Getting into... and out of a book with Connie Berry

HALLIE EPHRON: Connie Berry is an author after my own heart. Raised by antiques dealers who instilled in her a passion for history,  art, and travel, she brings that and an affinity for all things British to her Kate Hamilton mysteries featuring an antiques dealer with a gift for solving crimes.

Her third series novel, THE ART OF BETRAYAL, is just out and garnering great reviews. KIRKUS called it "A delight for lovers of antiques and complicated mysteries with a touch of romance." LIBRARY JOURNAL gave it a starred review. Woo hoo!

We're thrilled to have Connie here today asking: What makes readers stick it out, from PAGE ONE to THE END?

CONNIE BERRY: Have you ever had trouble getting into a book? You’re not alone.

Reader reviews on Amazon and Goodreads often include comments like: “I’m 20% of the way in and struggling—is it worth finishing?” or “Terrific, once you get past the first fifty pages.”

Today’s readers are impatient. If a book takes too long to capture their interest, they might just put it down. Take J. R. R. Martin’s A Game of Thrones. A masterpiece of modern fantasy. Hard to get into. Last summer I tried reading it. I really tried. One day I might try again.

A good book with a slow start can feel like a ride at Disney World—thrilling as long as you don’t mind the wait in line. Unlike readers of the past, who were willing to take their time getting to know the characters and becoming familiar with the story world, modern readers expect to be dropped into the middle of the action. Beginning a story too early is considered a serious flaw.

Believe me, I know. Before my debut novel was published, I got a manuscript review at one of the writers’ conferences. My reviewer was Neil Nyren. Gulp. He read my first chapter, which began in my protagonist’s normal world, her antique shop in Ohio. It was all set-up until six chapters later when Kate arrived on the fictional Scottish Isle of Glenroth and the story really began. Nyren’s advice? “Just get her to the damn island.”

Nimble pacing is what today’s reader expect—especially in a cozy mystery where a body is expected to turn up in the first chapter if not on the first page. Starting a book in medias res, however, can create problems of its own. There’s so much the reader has to quickly figure out—setting, time frame, essential backstory, rules of the fictional world, POV character—not to mention remembering all those names.

Wait, wait—who are these people?

Diving into a new book requires focus and a good memory. Am I the only one who jots down character names on a Post-it? Like driving into an unfamiliar city with no GPS, the reader initially feels lost. It takes time to figure out the lay of the land, to make friends with the inhabitants, to feel at home.

It's hard getting into a new book. It can be even harder getting out of one.

One comment authors love goes something like this: “I was so sad when the book ended. Can’t wait for the next one!” I feel that way about lots of books. When the fictional world becomes real to me and when the characters capture my heart, I don’t want the story to end. That hollow feeling at the end of a book has been called a “book hangover.” Like breaking up with a boyfriend, you’re not ready to fall in love again. Sometimes, when a book series ends, readers get angry.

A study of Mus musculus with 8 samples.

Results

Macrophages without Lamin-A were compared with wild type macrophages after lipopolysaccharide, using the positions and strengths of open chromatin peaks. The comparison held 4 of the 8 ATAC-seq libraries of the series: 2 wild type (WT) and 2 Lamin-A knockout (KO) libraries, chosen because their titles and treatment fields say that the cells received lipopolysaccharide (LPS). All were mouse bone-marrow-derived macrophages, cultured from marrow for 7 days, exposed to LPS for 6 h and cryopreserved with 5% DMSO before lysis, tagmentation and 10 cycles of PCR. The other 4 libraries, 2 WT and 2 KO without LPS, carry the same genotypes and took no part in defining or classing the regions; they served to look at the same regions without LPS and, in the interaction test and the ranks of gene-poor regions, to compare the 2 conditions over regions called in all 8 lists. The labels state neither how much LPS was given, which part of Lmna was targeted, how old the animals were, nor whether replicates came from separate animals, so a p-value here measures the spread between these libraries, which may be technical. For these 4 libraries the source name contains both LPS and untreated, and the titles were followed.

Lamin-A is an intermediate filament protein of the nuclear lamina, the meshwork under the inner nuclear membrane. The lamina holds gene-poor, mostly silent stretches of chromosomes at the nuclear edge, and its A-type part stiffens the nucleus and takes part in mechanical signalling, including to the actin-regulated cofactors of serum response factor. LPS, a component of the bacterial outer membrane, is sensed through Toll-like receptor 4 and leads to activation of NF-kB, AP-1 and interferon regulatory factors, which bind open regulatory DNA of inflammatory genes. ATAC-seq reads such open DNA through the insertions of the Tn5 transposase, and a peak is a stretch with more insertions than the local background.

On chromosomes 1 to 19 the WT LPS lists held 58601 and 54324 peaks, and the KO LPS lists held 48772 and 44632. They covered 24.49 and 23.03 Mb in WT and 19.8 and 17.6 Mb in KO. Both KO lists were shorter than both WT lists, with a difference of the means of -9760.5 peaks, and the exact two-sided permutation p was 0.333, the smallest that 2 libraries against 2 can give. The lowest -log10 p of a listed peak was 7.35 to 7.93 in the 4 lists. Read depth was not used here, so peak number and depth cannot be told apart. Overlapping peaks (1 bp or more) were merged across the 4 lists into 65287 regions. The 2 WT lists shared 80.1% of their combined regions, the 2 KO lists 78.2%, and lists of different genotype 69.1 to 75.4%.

Not everyone has forgiven J. K. Rowling for ending Harry Potter. I’m still upset with Caroline Graham for ending the Midsomer series in 2004 to focus on plays and screenplays.

Did you know authors feel exactly the same way about their own books?

Last Monday, after a three-month-long writing marathon, I completed the draft of my fourth Kate Hamilton mystery and sent it off to my editor. The book actually took eleven months to write, but the final three months were intense.

What do I do now? My head tells me to begin plotting out a new book. My heart is stuck in the old one.

It takes time for me to feel comfortable in a new book. Especially when I’m still mourning the previous one. I want to linger in that old manuscript—polishing, revising, tweaking, enjoying the company of old friends—when what I need to be doing is settling down and making myself at home in the next book.

Like life, reading books and writing them requires a series of hellos and goodbyes. Letting go of something so you can take hold of something new.

Do you find it hard to get into a book? Have you ever started one and put it down? Which book or series are you still mourning?

HALLIE: Such a great question. I start many more books than I finish, I am sorry to say. I so admire a reader who takes a chance and sticks with a book that doesn't immediately catch their fancy. And I do wish there'd been more books featuring the girl with the dragon tattoo?

What about you?
One randomly selected commenter will win a signed copy of The Art of Betrayal!